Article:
Return of the Penn Hills tax hike?

Return of the Penn Hills tax hike?

Last week’s presentation of the 2020-21 preliminary budget for the Penn Hills School District is not likely to extend any new year’s cheer for taxpayers.  The current property tax millage of 28.66 mills could increase.  It might outstrip the Act 1 index (3.6 percent) if the state grants exceptions for pensions and special education expenses. 

Last June we wrote a Policy Brief that detailed the district’s financial recovery plan, proposed property tax increase and employee furloughs for the 2019-20 budget.  At the 11th hour the district was awarded $3.3 million from the state (the line item in the district’s final budget is labeled “School Improvement Grants”) and the tax increase was put off for what officials said at the time would be a year. Since 2013-14 property taxes have increased in five out of six budgets, with three of those greater than the index.  But it’s hard to envision a scenario where a district constructs new buildings and taxes don’t go up to pay for them unless the district finds significant savings elsewhere.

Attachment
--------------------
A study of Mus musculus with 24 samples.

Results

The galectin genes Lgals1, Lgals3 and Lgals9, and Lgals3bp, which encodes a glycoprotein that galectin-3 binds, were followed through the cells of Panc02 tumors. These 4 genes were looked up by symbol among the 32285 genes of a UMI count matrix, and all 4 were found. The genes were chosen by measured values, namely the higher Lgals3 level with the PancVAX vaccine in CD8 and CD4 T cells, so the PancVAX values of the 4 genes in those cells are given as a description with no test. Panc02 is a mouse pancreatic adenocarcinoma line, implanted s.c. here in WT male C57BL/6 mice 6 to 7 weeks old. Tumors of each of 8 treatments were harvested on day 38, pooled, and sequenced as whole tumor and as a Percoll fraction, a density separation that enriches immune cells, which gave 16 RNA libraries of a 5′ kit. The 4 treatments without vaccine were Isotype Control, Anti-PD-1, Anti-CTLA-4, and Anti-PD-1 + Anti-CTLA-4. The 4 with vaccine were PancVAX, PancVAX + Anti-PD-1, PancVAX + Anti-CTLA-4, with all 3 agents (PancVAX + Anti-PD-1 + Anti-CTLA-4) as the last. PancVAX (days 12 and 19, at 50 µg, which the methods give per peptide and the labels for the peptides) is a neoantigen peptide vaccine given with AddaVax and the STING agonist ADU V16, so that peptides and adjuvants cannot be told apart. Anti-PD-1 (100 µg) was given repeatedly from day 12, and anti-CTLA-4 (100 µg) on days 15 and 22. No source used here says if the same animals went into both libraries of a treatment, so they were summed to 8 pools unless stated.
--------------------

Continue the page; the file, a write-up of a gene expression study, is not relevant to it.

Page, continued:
Though the district’s recovery officer stated in comments that the $3.3 million was a “gift” there was not much appreciation in his words imploring “the state to step up”.  In the preliminary budget state sources account for $30.7 million (34 percent) of the district’s revenues. That’s a greater share than other districts receive. 

One has to wonder what becomes of the $3.3 million allocation next year—does it get “re-gifted”?  Go back to the education budget? Does it go to another school district in financial recovery?  If so, that’s probably little comfort to taxpayers in other districts around the county and the state that are likely to see their millage rates go up in 2020-21 as well and those districts are not in financial recovery. 

A real present to taxpayers in the district would be for the officer, the board and the administration to work over the next several months to bring down the expenditure amount from the $92.5 million so that the need for a tax increase could be eliminated.  Or perhaps skip seeking the exceptions and put the tax increase in front of voters for an up or down vote.  The results of that vote would speak volumes about where the district is headed.